Promissory Estoppel Claim Allowed to Proceed Against Insurer Based on Reversal in Coverage Position

The United States District Court for the Southern District of Florida, applying Florida law, denied an excess insurer’s motion to dismiss an estoppel claim where the insurer reversed its coverage position on which the insured alleged it had detrimentally relied. Scott v. Certain Underwriters at Lloyd’s London Subscribing to Policy No. B0901LI1837279, 2023 WL 4363553 (S.D. Fla. July 6, 2023).

A former employee sought coverage under claims-made directors and officers liability policies issued to his former employer for letters he received from his former employer. The primary carrier denied coverage on the grounds that the letters did not constitute a “claim.” The excess carrier initially took the position that one of the letters was a claim, subject to a reservation of rights, but subsequently advised that its prior conclusion that the letter constituted a claim was erroneous and denied coverage.

The former employee sued both the primary insurer and the excess insurer seeking coverage under the policies. In prior rulings, the court granted the primary insurer’s motion to dismiss, holding that the letters did not constitute a “claim” or “notice of circumstances” under the primary policy. The excess insurer, whose policy had substantially identical definitions of “claim” and “notice of circumstances,” moved to dismiss the claims asserted against it on the same grounds.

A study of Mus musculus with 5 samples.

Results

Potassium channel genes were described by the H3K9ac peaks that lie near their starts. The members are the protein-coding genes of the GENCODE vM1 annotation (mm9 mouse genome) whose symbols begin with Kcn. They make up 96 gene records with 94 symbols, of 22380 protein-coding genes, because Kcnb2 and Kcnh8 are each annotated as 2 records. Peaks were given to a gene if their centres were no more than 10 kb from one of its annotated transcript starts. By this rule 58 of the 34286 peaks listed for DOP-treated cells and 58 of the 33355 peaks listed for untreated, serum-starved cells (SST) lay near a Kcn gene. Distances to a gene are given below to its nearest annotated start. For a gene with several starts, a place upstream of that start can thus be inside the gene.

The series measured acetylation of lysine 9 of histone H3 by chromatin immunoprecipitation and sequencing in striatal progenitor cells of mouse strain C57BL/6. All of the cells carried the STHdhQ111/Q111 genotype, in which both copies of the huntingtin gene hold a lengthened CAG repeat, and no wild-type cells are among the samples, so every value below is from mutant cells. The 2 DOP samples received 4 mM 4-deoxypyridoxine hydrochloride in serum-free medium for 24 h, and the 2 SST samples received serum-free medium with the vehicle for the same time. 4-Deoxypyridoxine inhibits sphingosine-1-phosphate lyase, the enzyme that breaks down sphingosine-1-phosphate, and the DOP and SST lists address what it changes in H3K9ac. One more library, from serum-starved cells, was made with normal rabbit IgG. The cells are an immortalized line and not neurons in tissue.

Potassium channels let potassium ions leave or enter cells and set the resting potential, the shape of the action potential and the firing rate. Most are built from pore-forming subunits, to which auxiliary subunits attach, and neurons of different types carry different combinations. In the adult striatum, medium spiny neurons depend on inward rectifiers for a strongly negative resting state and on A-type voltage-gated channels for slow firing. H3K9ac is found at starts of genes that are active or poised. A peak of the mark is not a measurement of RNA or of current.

The court granted the excess insurer’s motion to dismiss the breach of contract claim against it for the same reasons as it granted the primary insurer’s motion. However, the court denied the motion to dismiss the promissory estoppel claim. The court rejected the excess insurer’s argument that the estoppel claim was not cognizable because there was a written contract governing the dispute, finding that the existence of an express contract had only been alleged, not proven, at that stage of the litigation. The court also rejected the excess insurer’s argument that its reservation of rights precluded a promissory estoppel claim, finding this argument relied on extrinsic evidence that could not be considered on a motion to dismiss. Finally, the court held that factual issues prevented a legal determination on the question of detrimental reliance on a motion to dismiss.